This entire story started off as a somewhat-embarrassing personnel issue at the North Carolina Democratic Party HQ several months ago.  Over the last few days, it has transformed into an internecine war — just as the national party prepares for its quadrennial festival in the state.  After Governor Bev Perdue and several other Democratic elected officials belatedly demanded that state chair David Parker step down over the handling of the sexual harassment accusation, one might have expected Parker to go away quietly.  Instead, Parker wants a party fight at their June 17th executive committee meeting:

The state Democratic Party chairman is defying the odds and refusing to resign under the weight of a political controversy involving allegations of sexual harassment and a secret settlement agreement with a former staffer.

In a letter Wednesday to the state’s party’s executive committee, David Parker said he has the “strong support” of the party’s executive council for his chairmanship.

“They have consulted with our party attorney and are clearly as satisfied as am I that there was no cover up and that the personnel matter was professionally and appropriately handled by the Party’s attorney using the highest ethical standards,” he wrote in the message.

He called for a June 17 referendum on his chairmanship at an executive committee meeting.

Yes, I’m certain that’s exactly what the DNC wants from its national-convention host state — a big fight and a vote over sexual harassment claims, just as the national media gets interested.  Why not hold the convention in Cartagena, as long as the event will be going this far off message?

Perdue doubled down by reissuing her demand for Parker’s resignation, but if she was hoping to impress people with her sudden zeal, Perdue has missed the mark … badly.  The Charlotte Observer editorial board called her response “a day late and a dollar short,” and describes her Scooby Doo approach to the scandal:

The public knew nothing about it until internal party emails (fretting about the fallout if the episode ever became public) were leaked to the Daily Caller and the (Raleigh) News & Observer. Only then did any Democrat’s ethics needle budge. Parmley resigned under pressure and just about every top elected Democrat called for Parker to follow him out the door. Wednesday night, Parker vowed to stay.

Perdue’s involvement, though, takes it to another level. When reporters asked the governor – the leading Democrat in the state – about it Tuesday, she repeated “this is an internal personnel matter” four times and refused to say when she first learned of the incident. When pressed, she told a reporter to “get over it.”

It appears Perdue “got over it” a little too easily and would have let Parmley and Parker stay on indefinitely if those pesky emails hadn’t leaked.

The editorial board isn’t so sure that this won’t have a lasting impact, either:

November is a long way off, and this all may be old news by then. Voters then will care more about jobs and education than they do about this scandal, and appropriately so. But this chapter and the way it was handled doesn’t speak well of the character of any of those involved.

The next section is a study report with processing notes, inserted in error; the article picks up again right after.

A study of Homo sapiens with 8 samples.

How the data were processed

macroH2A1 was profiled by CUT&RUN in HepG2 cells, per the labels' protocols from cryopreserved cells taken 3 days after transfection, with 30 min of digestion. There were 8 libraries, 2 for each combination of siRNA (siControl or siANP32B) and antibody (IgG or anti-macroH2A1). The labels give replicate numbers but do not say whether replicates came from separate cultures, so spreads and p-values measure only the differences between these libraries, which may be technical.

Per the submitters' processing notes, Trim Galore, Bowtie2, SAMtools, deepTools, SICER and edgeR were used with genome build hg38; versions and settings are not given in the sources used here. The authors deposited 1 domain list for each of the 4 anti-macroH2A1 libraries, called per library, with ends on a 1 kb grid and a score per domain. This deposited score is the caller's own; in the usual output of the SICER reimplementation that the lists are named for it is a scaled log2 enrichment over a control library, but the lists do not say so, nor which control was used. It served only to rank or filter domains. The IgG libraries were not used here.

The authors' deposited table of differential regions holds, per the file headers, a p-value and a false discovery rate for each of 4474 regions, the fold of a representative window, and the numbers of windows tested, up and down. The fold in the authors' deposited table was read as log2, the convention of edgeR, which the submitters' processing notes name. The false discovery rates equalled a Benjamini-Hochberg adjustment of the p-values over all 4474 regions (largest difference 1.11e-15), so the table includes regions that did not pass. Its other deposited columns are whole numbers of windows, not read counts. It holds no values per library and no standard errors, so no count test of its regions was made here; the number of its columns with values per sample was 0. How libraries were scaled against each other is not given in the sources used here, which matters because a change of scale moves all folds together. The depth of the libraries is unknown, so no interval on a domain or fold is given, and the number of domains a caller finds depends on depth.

As Politico reports, the national party isn’t so sure, either.  They’re rushing to Charlotte to help push Parker out of his job:

National Democrats, attempting to head off an embarrassing story in their host convention state, are preparing to push out the embattled North Carolina Democratic Chairman in the wake of a sexual harassment scandal involving the state party’s former executive director.

“David Parker is a man without a party,” said a senior national party official of the North Carolina chair. “He’s operating out of a hotel in Raleigh outside of the party structure and without the support of staff, the national party or any significant party official or elected official. He’s isolated and that isolation will only increase until he makes the decision that is not in his best interest but in the best interest of the party. The status quo [is] untenable. He needs to step aside.”

Why the rush?  Well, as long as Parker holds out, details like these will make headlines in North Carolina, a state Democrats desperately need to hold in November:

In a letter to Parmley dated Dec. 8, 2011, the junior staffer tells a very different story. He lays out specific behaviors he said constituted sexual harassment including:

  • “The Executive Director often solicited my opinion on his clothes. He would point both hands to his crotch and ask me how his crotch looked in those pants”
  • “the Executive Director would frequently pretend to punch my crotch and make a popping noise with his mouth”
  • “the Executive Director frequently gave me unwanted shoulder rubs despite my verbal objections”
  • “on July 28, 2011, the Executive Director discussed, in detail, his sexual activities”

 

There’s only one thing for Republicans to do in this situation: Pass the popcorn.